Wednesday, 7 August 2013

Documentary: Terms and conditions may apply

This blog and its authors spend a considerable amount of time reasoning on terms and conditions, privacy online and possible combinations of the two. Of course, this is a matter that non-lawyers might also be interested in seen how it concerns the lives of more or less everybody- at least among those living in richer, hyperconnected countries. 

In this case, film director Cullen Hoback has worked three years to produce a documentary on internet services terms of use and the way companies make profits (which, is, by the way, their legitimate reason for existence) out of apparently "free" services.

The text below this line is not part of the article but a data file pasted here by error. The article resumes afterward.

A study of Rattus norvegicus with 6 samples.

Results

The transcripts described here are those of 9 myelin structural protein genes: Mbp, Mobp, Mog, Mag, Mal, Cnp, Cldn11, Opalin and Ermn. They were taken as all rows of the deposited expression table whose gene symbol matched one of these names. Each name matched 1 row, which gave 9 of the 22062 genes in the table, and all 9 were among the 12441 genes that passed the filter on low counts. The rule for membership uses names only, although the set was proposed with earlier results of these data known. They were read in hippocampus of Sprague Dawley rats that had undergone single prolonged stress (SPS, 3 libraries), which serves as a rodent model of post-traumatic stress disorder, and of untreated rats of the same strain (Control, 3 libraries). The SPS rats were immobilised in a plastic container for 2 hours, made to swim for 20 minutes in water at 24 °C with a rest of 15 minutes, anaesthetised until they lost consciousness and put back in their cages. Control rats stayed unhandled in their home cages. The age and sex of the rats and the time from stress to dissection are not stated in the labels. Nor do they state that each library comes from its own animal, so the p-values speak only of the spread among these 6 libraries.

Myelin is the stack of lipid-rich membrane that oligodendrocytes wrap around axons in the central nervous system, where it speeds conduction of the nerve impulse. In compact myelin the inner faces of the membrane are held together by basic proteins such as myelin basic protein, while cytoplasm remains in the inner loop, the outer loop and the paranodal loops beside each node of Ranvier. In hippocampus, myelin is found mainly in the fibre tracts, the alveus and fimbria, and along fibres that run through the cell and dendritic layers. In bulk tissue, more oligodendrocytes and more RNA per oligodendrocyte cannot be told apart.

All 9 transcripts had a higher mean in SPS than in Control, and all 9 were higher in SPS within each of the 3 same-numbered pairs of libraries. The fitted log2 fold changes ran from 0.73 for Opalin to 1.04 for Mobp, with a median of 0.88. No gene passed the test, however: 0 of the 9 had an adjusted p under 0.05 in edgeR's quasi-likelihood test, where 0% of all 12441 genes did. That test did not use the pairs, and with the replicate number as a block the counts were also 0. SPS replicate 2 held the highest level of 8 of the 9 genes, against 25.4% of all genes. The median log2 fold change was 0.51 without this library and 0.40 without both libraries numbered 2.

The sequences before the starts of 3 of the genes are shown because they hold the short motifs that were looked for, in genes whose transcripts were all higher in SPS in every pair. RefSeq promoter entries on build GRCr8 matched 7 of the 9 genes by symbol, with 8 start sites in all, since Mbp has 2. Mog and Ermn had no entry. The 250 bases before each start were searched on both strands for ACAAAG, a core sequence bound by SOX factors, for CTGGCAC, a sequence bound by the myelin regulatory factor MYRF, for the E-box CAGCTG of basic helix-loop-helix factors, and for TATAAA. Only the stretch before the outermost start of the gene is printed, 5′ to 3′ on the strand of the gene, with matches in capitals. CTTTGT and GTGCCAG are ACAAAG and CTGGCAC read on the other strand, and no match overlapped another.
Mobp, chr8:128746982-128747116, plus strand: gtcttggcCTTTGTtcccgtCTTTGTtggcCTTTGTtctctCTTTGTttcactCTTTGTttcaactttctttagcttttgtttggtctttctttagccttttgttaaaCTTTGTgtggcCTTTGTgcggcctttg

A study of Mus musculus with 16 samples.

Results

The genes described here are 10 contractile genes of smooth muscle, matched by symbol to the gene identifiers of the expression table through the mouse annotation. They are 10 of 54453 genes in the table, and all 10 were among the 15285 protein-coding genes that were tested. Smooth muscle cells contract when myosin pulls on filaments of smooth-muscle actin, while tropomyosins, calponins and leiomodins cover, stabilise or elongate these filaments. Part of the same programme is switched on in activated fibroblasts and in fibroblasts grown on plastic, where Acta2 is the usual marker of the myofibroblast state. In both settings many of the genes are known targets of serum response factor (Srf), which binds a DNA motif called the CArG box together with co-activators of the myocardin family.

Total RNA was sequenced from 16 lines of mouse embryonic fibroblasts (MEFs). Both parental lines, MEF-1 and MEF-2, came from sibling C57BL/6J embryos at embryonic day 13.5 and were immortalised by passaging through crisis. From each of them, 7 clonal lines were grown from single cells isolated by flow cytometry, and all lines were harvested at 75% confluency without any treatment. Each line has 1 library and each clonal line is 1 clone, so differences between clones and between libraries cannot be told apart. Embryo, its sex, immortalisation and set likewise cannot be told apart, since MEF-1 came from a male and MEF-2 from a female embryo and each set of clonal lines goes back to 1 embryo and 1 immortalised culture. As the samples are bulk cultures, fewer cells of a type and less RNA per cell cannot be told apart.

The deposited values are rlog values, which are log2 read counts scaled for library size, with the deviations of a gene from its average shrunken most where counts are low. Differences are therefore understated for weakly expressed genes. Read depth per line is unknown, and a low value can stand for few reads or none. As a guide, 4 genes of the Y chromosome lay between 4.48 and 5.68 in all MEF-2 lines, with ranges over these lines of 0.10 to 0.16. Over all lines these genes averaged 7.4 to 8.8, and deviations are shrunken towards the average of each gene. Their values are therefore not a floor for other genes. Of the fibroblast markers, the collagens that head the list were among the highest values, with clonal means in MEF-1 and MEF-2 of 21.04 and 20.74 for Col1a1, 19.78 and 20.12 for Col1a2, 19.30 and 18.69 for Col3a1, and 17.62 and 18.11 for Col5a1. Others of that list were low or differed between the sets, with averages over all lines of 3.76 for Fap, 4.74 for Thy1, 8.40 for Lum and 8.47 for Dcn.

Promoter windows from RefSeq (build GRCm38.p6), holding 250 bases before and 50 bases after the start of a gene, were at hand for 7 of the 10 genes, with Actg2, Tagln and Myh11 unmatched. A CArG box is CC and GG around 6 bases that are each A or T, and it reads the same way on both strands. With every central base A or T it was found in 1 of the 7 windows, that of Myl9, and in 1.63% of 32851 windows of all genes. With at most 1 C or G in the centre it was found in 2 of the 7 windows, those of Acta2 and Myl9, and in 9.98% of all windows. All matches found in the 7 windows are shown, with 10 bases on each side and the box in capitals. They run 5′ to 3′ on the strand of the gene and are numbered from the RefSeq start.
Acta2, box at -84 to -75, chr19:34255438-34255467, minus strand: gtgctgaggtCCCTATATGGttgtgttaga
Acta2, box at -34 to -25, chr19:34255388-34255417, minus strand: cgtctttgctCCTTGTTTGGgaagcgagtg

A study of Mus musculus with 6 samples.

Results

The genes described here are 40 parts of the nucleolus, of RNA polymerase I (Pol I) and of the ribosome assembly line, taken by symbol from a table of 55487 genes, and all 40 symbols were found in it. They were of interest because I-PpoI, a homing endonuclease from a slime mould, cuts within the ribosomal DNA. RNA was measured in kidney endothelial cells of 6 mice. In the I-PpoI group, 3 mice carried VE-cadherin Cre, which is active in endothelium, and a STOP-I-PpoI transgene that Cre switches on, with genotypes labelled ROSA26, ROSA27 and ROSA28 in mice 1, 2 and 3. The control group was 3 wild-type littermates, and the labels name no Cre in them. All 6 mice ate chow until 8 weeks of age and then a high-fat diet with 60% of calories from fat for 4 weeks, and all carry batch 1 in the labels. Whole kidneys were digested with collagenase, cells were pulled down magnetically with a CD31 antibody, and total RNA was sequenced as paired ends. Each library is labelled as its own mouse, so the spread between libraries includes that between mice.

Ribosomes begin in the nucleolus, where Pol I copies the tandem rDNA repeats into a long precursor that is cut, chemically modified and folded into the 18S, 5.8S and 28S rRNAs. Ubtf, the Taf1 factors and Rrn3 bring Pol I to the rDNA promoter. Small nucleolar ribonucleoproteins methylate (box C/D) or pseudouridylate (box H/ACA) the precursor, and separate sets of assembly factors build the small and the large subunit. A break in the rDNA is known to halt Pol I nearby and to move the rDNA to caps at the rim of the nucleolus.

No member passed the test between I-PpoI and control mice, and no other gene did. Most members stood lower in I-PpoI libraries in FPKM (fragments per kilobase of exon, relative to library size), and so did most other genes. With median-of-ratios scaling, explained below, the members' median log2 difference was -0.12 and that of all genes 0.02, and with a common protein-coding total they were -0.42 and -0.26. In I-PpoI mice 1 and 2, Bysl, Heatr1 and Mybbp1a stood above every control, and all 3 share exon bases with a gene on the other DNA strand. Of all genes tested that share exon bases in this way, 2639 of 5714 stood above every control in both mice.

The documentary both reflects on "hot" issues such as the instrumentalisation of information held by service providers to governmental ends (think of Prism!) and shows less scary-but nonetheless grotesque- aspects of the phenomenon.
Interviewed for an Italian magazine, mr. Hoback recalled for instance that in 2009 GameStation added mentions to the user's "immortal soul" being involved in the contract- a detail that went long unnoticed. Still today, again according to the director, Apple disclaims liability in case their products are used in the context of "nuclear war".
On the other hand, the film shows how serious threats to individual liberties can originate from intelligence and security service's ability to access personal (yet public) communications on social networks, stimulating awareness on the way we tend to thoughtlessly disclose information to an unidentified audience. 

Curious? You can find more info here.